This Mental Technique Might Make Your Workout Way Less Taxing

mbg Contributor By Krysten Peck
mbg Contributor
Krysten Peck is a freelance writer specializing in arts, wellness, brands, and visual storytelling. She received a bachelor’s degree from Dickinson College.

Normally, apathy isn't considered the best approach to life, but a new study has found that it might be a helpful tool if you're a long-distance runner. According to the research, which was published in Motivation and Emotion, the key to overcoming the feelings of discomfort that can come with running is a thought process known as "cognitive appraisal."

Sound complicated? Cognitive appraisal is essentially just a fancy term the researchers coined to describe the practice of identifying unpleasant sensations with a sense of indifference, rather than attachment. It's similar to mindfulness, just without the element of honing in on a particular emotion.

For the study, 24 healthy runners (aged 18 to 33, mostly women) visited the research lab three times to complete three rounds of "vigorous exercise"—aka they did a 90-minute treadmill run while keeping a steady heart rate somewhere between 75 to 85 percent of their maximum. (Participants were all people who already ran at least one 9-mile run per week.)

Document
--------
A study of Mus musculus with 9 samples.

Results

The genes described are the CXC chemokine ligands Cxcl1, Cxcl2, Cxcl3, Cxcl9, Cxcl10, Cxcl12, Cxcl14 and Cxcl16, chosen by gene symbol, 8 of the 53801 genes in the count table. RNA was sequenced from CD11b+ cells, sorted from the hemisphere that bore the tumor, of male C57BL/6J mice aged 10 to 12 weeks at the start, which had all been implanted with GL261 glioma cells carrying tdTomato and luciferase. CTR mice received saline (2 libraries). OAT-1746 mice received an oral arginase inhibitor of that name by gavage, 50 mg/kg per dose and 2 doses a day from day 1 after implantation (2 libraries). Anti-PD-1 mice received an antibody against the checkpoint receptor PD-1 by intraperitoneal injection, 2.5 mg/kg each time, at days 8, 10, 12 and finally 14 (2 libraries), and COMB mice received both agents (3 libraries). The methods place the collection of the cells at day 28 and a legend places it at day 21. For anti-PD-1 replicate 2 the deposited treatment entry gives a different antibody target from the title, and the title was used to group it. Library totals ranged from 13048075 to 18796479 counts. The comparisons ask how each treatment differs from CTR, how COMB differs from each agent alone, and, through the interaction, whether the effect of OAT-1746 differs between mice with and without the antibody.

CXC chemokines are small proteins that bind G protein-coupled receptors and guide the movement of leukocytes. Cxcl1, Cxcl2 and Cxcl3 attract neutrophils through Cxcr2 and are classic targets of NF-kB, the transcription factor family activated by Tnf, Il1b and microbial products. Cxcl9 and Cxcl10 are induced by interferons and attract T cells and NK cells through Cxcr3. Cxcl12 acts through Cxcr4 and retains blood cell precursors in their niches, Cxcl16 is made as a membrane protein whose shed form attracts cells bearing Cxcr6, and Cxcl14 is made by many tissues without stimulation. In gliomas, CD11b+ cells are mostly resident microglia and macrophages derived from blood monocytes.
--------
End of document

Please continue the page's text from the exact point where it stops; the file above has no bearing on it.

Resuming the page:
Before, during, and after each run, participants also completed a psychological exam so that the researchers could measure the difference in emotional output and expression. During the first trial, runners were given no instructions on how to complete the challenge—they were just told to run. For the second and third trials, researchers assigned various statements that support the "cognitive appraisal" approach to evaluate if the dissociated thinking positively affected their experience on the treadmill. Specifically, they were asked to adapt a nonchalant, detached point of view towards feelings of exertion or emotional buildup.

The results? When runners followed the “cognitive reappraisal” strategy, their "emotional arousal" levels were much lower compared to when they were given zero coping instructions. Meaning: Taking on a chill perspective mid-stride when the going gets tough can make for a smoother and easier workou in the end.

If you've ever struggled with endurance-training or long-distance runs, this approach probably sounds easier said than done. But, if Science says all it takes is a shift in thought, maybe it's worth the practice.

What does the mind-body connection have to do with exercise? This study might help explain.